The Struggle for Zarqawi’s Throne

The Iraqi government seems to be reasonably convinced Zarqawi has been seriously wounded. If this is indeed the case, how will al Qaeda in Iraq handle the transition from Zarqawi to his successor? As Dan Darling astutely pointed out last night, it might get messy as various factions, from the foreign al Qaeda elements to the Baathist converts who have sworn fealty to Zarqawi, battle over control over the network. Dan postulates the main players in line for the crown are:

  Abdul Hadi al-Iraqi (a senior al Qaeda leader who is reportedly Zarqawi’s liaison to bin Laden), Izzat Ibrahim al-Douri (the former vice chairman of the Baathist Revolutionary Command Council who has since thrown in with Zarqawi) or one of his younger aides, and Abu Talha (a key leader in Ansar al-Islam operating out of northern Iraq).

Confirmation of the theorized spat over the succession manifests itself on an al Qaeda website. Three more names are thrown into the ring: Abu Maysara al-Iraqi (the commander of the Media Wing of al Qaeda in Iraq), Abu Hafs al-Gerni and Abu al-Dardaa. Note this dispute occurs on the same website. There is a struggle within the Media Wing of al Qaeda in Iraq to control the flow of information.

Wednesday’s back-and-forth on the same website, known as a clearinghouse of Islamic militant material, could be a sign of confusion or competition within al Qaida of Iraq. It follows speculation about the Jordanian-born militant that has been unusual in size and scope 

The first statement on Wednesday was signed in the name of Abu Doujanah al-Tunisi of the media committee of al Qaida in Iraq – an unfamiliar name from past statements. “The leaders met after the injury of our sheikh, Abu Musab al-Zarqawi … and decided to appoint a deputy to take the lead until the return of our sheikh,” it said in a posting on a militant website that two days earlier announced al-Zarqawi had been injured. The statement said the new leader would be Abu Hafs al-Gerni, “deputy of the holy warriors.”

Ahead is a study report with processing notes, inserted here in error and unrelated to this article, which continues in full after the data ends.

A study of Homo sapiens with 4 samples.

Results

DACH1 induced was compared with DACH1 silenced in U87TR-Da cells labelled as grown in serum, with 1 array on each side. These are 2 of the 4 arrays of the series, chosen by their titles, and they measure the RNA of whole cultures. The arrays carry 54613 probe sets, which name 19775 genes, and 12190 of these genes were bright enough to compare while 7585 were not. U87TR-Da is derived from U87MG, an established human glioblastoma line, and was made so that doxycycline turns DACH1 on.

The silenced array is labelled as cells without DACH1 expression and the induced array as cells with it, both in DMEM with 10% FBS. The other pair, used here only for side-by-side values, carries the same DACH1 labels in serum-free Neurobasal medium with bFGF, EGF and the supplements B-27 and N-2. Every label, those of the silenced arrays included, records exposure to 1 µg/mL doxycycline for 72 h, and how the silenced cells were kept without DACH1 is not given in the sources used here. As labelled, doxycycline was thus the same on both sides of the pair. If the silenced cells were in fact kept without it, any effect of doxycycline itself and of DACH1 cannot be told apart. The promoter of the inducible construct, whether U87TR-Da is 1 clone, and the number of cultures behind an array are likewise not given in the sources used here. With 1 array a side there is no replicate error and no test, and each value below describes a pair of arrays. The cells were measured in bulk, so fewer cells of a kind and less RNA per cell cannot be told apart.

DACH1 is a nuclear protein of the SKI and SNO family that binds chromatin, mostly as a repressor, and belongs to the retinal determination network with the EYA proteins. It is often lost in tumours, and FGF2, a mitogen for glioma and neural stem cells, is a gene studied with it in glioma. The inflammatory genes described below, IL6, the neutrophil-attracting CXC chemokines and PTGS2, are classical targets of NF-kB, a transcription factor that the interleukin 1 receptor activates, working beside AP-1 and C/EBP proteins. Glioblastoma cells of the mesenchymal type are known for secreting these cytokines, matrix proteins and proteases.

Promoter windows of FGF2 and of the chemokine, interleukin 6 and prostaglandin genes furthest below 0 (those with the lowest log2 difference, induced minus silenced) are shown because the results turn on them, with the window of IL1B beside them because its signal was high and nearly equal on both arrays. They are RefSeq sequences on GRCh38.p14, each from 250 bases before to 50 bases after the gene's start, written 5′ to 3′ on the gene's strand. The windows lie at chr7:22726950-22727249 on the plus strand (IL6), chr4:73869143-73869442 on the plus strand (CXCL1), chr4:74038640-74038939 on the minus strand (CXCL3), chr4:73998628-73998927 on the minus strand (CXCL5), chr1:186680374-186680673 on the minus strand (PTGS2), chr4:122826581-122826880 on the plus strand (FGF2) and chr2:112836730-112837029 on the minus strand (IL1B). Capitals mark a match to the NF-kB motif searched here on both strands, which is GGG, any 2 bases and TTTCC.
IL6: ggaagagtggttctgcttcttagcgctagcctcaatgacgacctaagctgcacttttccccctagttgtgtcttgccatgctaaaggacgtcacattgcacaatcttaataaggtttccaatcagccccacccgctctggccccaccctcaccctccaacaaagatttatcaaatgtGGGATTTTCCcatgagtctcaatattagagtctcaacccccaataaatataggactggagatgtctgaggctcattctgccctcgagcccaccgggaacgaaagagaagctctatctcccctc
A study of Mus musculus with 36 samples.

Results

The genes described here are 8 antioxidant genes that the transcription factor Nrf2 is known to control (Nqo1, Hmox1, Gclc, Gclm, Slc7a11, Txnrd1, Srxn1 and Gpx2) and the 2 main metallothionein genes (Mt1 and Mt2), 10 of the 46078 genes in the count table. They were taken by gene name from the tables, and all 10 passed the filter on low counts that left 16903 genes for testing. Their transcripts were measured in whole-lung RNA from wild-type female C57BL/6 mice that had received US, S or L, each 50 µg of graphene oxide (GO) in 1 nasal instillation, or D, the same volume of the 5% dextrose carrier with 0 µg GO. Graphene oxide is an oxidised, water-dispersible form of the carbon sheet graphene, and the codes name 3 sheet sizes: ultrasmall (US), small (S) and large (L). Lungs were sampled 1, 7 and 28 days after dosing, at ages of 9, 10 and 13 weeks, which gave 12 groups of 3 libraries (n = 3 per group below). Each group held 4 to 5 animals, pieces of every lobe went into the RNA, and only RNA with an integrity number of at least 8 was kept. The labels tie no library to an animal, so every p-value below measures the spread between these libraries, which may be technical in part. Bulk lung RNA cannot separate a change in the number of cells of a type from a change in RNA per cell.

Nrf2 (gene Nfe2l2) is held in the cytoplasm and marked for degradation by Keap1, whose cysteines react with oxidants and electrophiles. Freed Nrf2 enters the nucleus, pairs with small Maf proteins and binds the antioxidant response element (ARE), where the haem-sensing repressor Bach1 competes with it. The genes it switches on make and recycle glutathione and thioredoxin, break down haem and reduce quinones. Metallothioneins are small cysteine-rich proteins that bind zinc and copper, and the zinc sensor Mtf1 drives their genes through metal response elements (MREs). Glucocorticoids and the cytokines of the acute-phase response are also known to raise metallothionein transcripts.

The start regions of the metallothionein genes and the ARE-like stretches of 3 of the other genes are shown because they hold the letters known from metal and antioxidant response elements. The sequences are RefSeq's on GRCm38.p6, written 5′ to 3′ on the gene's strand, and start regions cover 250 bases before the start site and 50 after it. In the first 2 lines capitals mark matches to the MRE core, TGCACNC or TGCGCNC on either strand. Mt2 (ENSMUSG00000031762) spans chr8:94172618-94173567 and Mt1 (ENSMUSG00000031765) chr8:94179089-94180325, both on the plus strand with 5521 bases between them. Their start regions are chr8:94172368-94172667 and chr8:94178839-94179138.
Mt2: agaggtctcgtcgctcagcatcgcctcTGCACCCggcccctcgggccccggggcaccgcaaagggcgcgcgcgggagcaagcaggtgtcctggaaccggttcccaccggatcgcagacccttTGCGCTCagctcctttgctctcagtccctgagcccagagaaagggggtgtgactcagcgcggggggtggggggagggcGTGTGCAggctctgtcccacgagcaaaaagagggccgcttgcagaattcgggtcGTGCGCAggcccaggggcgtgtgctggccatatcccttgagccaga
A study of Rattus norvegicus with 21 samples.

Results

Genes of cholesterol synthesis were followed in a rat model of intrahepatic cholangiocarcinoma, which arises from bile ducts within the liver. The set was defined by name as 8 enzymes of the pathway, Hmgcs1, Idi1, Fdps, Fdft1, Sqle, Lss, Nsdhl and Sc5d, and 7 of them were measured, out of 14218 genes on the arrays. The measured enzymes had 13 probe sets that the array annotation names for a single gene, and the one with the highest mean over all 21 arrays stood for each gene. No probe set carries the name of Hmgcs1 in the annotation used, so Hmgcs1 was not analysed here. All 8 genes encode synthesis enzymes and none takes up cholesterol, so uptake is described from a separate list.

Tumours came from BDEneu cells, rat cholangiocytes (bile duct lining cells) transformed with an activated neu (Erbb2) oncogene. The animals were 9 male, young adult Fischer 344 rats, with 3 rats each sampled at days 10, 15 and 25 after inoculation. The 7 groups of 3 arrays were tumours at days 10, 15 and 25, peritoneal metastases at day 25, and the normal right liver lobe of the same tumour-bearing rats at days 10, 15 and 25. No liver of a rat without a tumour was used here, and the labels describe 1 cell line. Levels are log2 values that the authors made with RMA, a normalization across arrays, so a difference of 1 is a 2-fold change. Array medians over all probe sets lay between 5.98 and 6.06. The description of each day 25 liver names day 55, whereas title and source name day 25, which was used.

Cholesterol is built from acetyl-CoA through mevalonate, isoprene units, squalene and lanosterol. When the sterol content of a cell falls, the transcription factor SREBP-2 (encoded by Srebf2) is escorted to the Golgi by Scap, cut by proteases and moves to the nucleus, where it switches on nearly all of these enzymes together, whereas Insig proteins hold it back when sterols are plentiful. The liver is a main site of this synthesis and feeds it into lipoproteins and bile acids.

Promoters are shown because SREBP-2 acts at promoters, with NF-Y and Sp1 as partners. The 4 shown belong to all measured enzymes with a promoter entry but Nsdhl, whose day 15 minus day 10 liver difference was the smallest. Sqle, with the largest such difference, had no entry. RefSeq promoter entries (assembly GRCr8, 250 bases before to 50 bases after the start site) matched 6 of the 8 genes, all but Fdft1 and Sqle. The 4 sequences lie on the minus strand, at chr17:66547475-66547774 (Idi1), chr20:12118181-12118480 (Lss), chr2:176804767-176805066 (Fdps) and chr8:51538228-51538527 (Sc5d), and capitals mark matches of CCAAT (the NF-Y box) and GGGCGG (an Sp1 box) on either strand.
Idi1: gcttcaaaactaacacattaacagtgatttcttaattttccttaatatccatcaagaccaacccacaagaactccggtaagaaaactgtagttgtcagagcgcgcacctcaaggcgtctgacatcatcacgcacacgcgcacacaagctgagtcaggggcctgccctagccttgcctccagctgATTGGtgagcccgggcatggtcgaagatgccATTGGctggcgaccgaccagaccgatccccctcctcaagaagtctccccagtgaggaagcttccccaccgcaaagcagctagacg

But a rival denial was posted a short time later, signed off by Abu Maysara al-Iraqi, the name usually associated with al-Qaida in Iraq postings when a name is indicated. “We deny all that has been said about appointing the so-called Abu Hafs or anyone by any other name,” it said, reminding that al Qaida in the past has said to believe postings only in his name.

A respected pan-Arab newspaper reported today that several candidates were jockeying to succeed al-Zarqawi, none of whom it identified as Abu Hafs al-Gerni but one being Abu Maysara al-Iraqi – the man who issued Wednesday’s denial that a deputy had been appointed.

Al Hayat newspaper quoted multiple unidentified sources for various names, saying that sources in Jordan close to al-Zarqawi, including a former Iraqi officer told the newspaper Abu Maysara al-Iraqi and Abu al-Dardaa al-Iraqi, an al Qaida operative in Baghdad, were two potential successors.

Wednesday’s first statement said al-Gerni “was known for carrying out the hardest operations, and our sheikh would choose him and his group for the tough operations.”

Abu Maysara al-Iraqi has shown weakness by losing temporary control of the flow of information. By attempting a digital coup, al-Tunisi, the man who advocated for the ascension of Abu Hafs al-Gerni, must have either sensed an opening or is overestimating his faction’s powerbase. To restore a semblance of order, Abu Maysara al-Iraqi must act ruthlessly to put down the dissension if he wishes to succeed Zarqawi. Understanding, forgiveness, negotiations and cordial disagreements are not the strong suits of the Islamists.

The short knives appear to have been drawn. We may be witnessing a brutal power struggle for control of al Qaeda in Iraq. And this will get extremely interesting if and when Izzat Ibrahim al-Douri’s Baathist convert faction joins the fray.

In Inside al Qaeda, Rohan Gunaratna documents Osama bin Laden’s ruthless rise to power, which culminated in the assassination of Sheikh Abdullah Azzam, his trusted mentor and the spiritual founder of al Qaeda. Osama ruthlessly killed anyone who stood in his way in the wake of Azzam’s death.

Bill Roggio is a Senior Fellow at the Foundation for Defense of Democracies and the Editor of FDD's Long War Journal.